Wisdom and God’s illuminated truths: John Martin’s ‘The Creation of Light’

An illustration by the 19th-century artist John Martin, called “The Creation of Light” might give us insight into the nature of wisdom.

Sometimes things happen in life, and we just don’t know how to respond to them. Nowadays, there are many self-help guides that try to help people navigate their lives wisely. We want to behave wisely, but what is wisdom?

In 1824, Martin was commissioned by publisher Septimus Prowett to illustrate John Milton’s 17th-century book “Paradise Lost.” “Paradise Lost” is an epic poem about the Fall of mankind in which Adam and Eve were tempted by Satan to eat fruit from the Tree of Knowledge and were exiled from the Garden of Eden as a consequence.

Martin was to provide two illustrations for each of the 12 books of the poem. Possessing 24 illustrations in total, Prowett published the prints and the text as part of a 12-month subscription service. Later, in 1846, another publisher, Charles Whittingham, published all 24 illustrations with the text as a full edition of the poem.

“The Creation of Light,” 1824, by John Martin. Illustration for “Paradise Lost” by John Milton. (Public Domain)

The Creation of Light

One of Martin’s illustrations is called “The Creation of Light,” and it depicts part of the seventh book of “Paradise Lost.” The design shows a cavern of dark, swooping clouds separating to reveal the light of the sun on the upper left side of the composition and the moon and stars on the lower right side. Below is  a vast and calm sea.

In the middle of the composition is God. It is common for Jesus to be represented throughout Western art history but very unusual for God to be represented. Here, Martin depicts God as a translucent being who, with a gesture of his hands toward the sun and moon, separates the clouds to reveal light.

So, how exactly might Martin’s print suggest wisdom? We can presume that the scene was completely dark before God created light. In the image, God allows the light of the sun and moon to shine forth by separating the clouds that obscure it.

What does light do in our world? Light reveals the appearance of things and allows us to easily discern one thing from another. It also allows us to gather knowledge about those things that are illuminated. In other words, the light represents the truth. Our ability to discern according to our understanding of truth corresponds with our ability to be wise. Here, the light of the sun doesn’t represent just any truth. It represents divine truth, and this is why it is God who reveals this light. Divine truth—represented by the sun—also makes its effect known in the darkest times and areas by reflecting off of the moon and illuminating the night.

Insight Into Divine Truth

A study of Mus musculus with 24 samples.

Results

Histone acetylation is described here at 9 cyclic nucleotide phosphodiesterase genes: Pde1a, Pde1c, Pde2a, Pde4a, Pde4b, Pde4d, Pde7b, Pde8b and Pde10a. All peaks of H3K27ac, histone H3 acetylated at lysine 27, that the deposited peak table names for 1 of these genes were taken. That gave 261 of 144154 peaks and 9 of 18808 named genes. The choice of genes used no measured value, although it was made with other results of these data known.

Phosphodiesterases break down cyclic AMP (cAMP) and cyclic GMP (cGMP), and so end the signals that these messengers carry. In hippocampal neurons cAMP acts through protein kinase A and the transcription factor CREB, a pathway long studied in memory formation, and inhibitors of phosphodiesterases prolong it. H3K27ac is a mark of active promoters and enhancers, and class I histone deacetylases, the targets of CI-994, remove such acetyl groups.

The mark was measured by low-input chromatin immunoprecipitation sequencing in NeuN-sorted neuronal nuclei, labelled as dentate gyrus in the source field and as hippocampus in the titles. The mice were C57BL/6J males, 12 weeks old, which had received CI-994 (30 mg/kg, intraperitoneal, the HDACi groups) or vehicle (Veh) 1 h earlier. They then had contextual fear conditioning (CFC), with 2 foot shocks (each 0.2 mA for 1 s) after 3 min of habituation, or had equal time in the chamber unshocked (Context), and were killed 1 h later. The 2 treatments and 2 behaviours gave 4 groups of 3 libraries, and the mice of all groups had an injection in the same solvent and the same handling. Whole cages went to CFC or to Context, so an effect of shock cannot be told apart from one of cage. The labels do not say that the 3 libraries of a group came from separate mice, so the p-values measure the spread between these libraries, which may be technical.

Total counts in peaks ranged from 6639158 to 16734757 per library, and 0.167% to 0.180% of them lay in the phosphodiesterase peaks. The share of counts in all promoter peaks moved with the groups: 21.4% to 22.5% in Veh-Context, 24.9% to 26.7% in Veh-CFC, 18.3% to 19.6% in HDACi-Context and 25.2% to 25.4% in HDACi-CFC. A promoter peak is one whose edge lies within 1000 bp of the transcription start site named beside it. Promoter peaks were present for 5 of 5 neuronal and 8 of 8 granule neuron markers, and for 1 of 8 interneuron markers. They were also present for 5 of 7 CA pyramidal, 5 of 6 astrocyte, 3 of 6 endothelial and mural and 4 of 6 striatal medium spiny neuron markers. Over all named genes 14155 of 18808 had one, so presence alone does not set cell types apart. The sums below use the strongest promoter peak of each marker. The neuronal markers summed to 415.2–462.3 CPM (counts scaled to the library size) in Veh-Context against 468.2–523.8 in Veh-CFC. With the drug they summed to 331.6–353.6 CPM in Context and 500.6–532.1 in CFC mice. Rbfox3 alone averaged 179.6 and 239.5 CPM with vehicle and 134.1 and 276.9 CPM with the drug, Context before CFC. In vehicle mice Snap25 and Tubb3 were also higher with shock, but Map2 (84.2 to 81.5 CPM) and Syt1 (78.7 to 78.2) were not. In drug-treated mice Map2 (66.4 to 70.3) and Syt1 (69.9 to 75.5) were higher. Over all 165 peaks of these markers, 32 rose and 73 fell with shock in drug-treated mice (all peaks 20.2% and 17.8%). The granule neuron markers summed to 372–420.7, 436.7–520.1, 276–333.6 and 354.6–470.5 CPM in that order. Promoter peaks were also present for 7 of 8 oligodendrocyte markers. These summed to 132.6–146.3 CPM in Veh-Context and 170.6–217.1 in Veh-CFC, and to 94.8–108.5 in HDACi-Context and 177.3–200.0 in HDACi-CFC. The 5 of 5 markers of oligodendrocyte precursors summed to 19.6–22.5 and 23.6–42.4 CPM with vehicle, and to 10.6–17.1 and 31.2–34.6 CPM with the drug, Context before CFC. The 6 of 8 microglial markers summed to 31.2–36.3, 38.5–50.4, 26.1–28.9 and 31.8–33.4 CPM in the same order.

The representation of God himself may give us more insight into what is meant by divine truth. God is depicted almost like a translucent spirit, which suggests that God and the divine truth he sets out to reveal is beyond the world and is of a spiritual nature. Not only does God separate the clouds so that the light can be revealed, but in separating the clouds, he also reveals the order of the universe: that the sun is to the east and the moon and stars to the west, and that the sky is above and the sea below. Does this suggest that wisdom can be found in how the universe is ordered and harmonized?

The revealed night sky and the sea are presented as deeply calm and mysterious. Might it be the case that the mysteries of divine truths are revealed when we achieve a state of deep calm? The sun, however, doesn’t seem calm at all. The sun’s rays almost seem to blast forth their luminance through the night sky as if momentarily splitting it open. Might these compositional elements represent the power of divine truth?

Detail of “The Creation of Light,” 1824, by John Martin. Illustration for “Paradise Lost” by John Milton. (Public Domain)

 

The clouds, however, represent that which obscures light and divine truth. Does this mean that the clouds prevent proper knowledge and discernment of the world, that the clouds obscure the calm and mysterious power of divine truth? In other words, the clouds—like Satan tempting Adam and Eve in the Garden of Eden in Milton’s “Paradise Lost”—obscure divine truth and prevent proper wisdom.

To me, all of this suggests that wisdom is the ability to discern truth, and truth is discernible only by way of God. How might we recognize the truths illuminated by God so that we may live our lives with wisdom?

–Eric Bess is a practicing representational artist and is a doctoral candidate at the Institute for Doctoral Studies in the Visual Arts (IDSVA). Reprinted from the EpochTimes with permission.